Bringing Your Pet to Turkey
Pets are an important part of our life and family. We want to take them with us wherever we go. If you are going to take your pet with you to another country, you should know the pet transportation procedures of that country. Turkey allows pets to be brought in from abroad.
There are some limits on the animals to be brought to Turkey from abroad. Therefore, it is useful to know the customs rules. The number and type of animals that can be brought with the passenger are limited to 2 dogs, cats, bird species and 10 aquarium fish. There are veterinarians assigned at the air, land, and sea gates to enter the country. Before the pet enters the country, the animals must be checked by veterinarians. It is another requirement that the pet must be brought with the passenger.
When the pet is brought in, the veterinary health report, vaccination certificate, and, if any, passport and identity document must be submitted to the customs administration. Dangerous animals such as Pit Bull, Terrier, Japanese Tosa, and Dogo, Argentino, Fila Brasileiro, and their hybrids are prohibited from entering the country.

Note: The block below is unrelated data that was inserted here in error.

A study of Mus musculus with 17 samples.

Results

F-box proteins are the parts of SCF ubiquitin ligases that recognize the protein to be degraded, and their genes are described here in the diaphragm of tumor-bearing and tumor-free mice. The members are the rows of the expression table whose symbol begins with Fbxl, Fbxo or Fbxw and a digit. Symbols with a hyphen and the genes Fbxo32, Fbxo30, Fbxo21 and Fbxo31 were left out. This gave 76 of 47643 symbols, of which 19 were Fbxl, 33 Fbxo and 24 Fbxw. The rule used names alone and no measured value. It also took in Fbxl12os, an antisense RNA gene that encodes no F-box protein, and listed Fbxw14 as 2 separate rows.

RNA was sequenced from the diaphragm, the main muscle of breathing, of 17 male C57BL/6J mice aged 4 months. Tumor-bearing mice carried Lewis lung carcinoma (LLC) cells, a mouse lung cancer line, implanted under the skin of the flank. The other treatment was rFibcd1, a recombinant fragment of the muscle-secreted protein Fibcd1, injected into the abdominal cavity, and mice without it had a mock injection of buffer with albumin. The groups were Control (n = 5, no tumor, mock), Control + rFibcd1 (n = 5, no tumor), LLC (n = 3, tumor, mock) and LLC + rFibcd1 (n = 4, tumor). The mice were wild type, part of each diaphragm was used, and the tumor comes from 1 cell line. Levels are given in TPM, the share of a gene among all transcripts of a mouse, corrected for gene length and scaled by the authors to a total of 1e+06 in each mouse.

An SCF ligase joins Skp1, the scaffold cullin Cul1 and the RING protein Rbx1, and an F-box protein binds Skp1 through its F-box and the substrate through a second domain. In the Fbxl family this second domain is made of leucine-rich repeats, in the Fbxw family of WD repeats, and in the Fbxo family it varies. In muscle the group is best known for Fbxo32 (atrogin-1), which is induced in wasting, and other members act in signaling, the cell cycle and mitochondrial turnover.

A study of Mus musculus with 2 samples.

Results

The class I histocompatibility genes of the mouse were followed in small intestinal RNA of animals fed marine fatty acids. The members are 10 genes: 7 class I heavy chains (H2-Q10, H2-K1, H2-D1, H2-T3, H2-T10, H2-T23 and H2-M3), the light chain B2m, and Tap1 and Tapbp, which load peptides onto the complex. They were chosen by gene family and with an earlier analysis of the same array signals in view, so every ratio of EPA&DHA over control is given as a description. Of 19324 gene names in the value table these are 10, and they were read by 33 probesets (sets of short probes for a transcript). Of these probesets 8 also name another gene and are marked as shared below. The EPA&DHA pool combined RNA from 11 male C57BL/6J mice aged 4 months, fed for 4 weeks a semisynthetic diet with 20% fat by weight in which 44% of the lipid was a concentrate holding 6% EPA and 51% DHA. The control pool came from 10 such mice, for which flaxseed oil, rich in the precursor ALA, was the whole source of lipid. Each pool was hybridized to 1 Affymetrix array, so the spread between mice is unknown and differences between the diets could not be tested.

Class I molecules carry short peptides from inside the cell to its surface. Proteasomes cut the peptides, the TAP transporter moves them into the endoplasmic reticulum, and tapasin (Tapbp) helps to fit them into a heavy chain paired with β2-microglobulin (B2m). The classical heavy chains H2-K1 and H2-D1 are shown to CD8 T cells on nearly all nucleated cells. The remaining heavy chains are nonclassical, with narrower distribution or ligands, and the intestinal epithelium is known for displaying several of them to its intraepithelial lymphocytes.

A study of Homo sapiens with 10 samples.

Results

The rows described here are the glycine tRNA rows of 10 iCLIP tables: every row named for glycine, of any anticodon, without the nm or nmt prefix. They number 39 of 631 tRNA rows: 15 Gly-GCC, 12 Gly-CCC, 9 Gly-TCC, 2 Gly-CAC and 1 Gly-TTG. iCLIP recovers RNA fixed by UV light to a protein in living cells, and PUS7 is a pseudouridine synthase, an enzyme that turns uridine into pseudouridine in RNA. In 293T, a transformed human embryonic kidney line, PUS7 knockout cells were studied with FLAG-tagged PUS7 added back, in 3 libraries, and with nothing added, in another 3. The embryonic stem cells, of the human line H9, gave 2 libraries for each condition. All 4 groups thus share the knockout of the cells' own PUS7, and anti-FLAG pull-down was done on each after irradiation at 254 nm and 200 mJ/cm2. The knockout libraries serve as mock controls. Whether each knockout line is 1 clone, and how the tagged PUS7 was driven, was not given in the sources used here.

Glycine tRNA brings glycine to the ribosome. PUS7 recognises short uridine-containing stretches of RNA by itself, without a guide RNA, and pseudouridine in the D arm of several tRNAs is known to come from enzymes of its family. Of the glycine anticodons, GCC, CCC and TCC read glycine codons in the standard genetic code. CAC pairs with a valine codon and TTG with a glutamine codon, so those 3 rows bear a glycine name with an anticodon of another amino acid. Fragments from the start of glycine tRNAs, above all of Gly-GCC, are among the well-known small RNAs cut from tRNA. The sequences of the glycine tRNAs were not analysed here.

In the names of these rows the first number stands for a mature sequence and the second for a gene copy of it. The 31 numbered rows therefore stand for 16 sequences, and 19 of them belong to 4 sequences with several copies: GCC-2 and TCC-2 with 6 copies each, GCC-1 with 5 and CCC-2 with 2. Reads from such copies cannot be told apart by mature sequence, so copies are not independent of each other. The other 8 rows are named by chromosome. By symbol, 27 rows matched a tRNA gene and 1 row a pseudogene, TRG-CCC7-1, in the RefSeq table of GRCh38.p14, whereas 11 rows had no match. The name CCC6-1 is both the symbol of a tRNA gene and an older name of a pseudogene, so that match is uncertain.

A microchip is required for cats and dogs for identification. Numbered rings should be attached to the leg of poultry. Cats and dogs should have been vaccinated after they are 3 months old. For adult animals, there should be periodic revaccination. These vaccinations should be written on the passport or identity document. At least 30 days after the last rabies vaccine, a rabies antibody titration test is required. No retesting is required for animals with acceptable anti-rabies antibody titers on their passport and animals regularly vaccinated against rabies.
If the cat or dog is younger than 3 months, they must enter Turkey with their mothers, or the official veterinarian of the relevant country must declare a document indicating that the dog or cat has not been in contact with any wild animal and has not been in the same environment. Poultry can come from regions that are not restricted due to avian influenza.